Who's Being Transparent With HAC Data?
Nancy Foster, vice president for quality and patient safety policy for the AHA, says her organization did try to keep CMS from publishing these hospital-specific statistics because "measures used to portray safety and quality data should be good, reliable, valid measures of what they're trying to portray. There are much better measures than those included in the HAC data."
"We urged CMS to take a step back," she said, but the agency declined. "They just told us 'these are the data we have and we're going to put them out.' "
For starters, Foster says, the numbers are not adjusted for severity of patient illness, age, co-morbidities, or other factors that might even the playing field for hospitals with sicker patients.
Second, this Medicare claims data was assembled for billing or administrative purposes, not for measuring quality. Much more appropriate would be to use the Centers for Disease Control and Prevention's National Healthcare Safety Network data, which is much better for tracking patient records for avoidable errors.
Third, she points to what she calls "the lunacy of little numbers," that hospitals with few eligible discharges might have one or two mishaps that disproportionately make their overall HAC rates look terrible.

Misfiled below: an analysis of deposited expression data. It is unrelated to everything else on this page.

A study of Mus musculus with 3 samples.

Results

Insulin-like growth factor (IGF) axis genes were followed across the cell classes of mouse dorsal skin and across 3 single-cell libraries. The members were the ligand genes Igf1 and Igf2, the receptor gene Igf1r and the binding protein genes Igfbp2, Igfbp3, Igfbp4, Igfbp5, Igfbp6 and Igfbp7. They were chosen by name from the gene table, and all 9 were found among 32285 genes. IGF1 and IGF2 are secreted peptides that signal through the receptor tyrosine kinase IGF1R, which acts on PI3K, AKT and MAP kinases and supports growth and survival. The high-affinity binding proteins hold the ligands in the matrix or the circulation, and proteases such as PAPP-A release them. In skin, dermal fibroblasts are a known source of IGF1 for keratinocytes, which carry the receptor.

Hospitals are already getting hit with financial penalties when they harm patients. For example, prior to Oct. 1, 2008, a hospital caring for a patient admitted with a stroke who subsequently developed a preventable pressure ulcer would pay an average DRG of $8,030.28 for care related to both the stroke and the pressure ulcer. But since Oct. 1, 2008, CMS no longer pays for care for hospital-acquired pressure ulcers, bringing the hospital's payment down to $5,347.98.
Realistically, that's not a lot of money to force change and the actual penalties imposed are rare. That's because the patients who suffer these hospital-caused mishaps already have multiple diagnoses that put them into a higher DRG category anyway.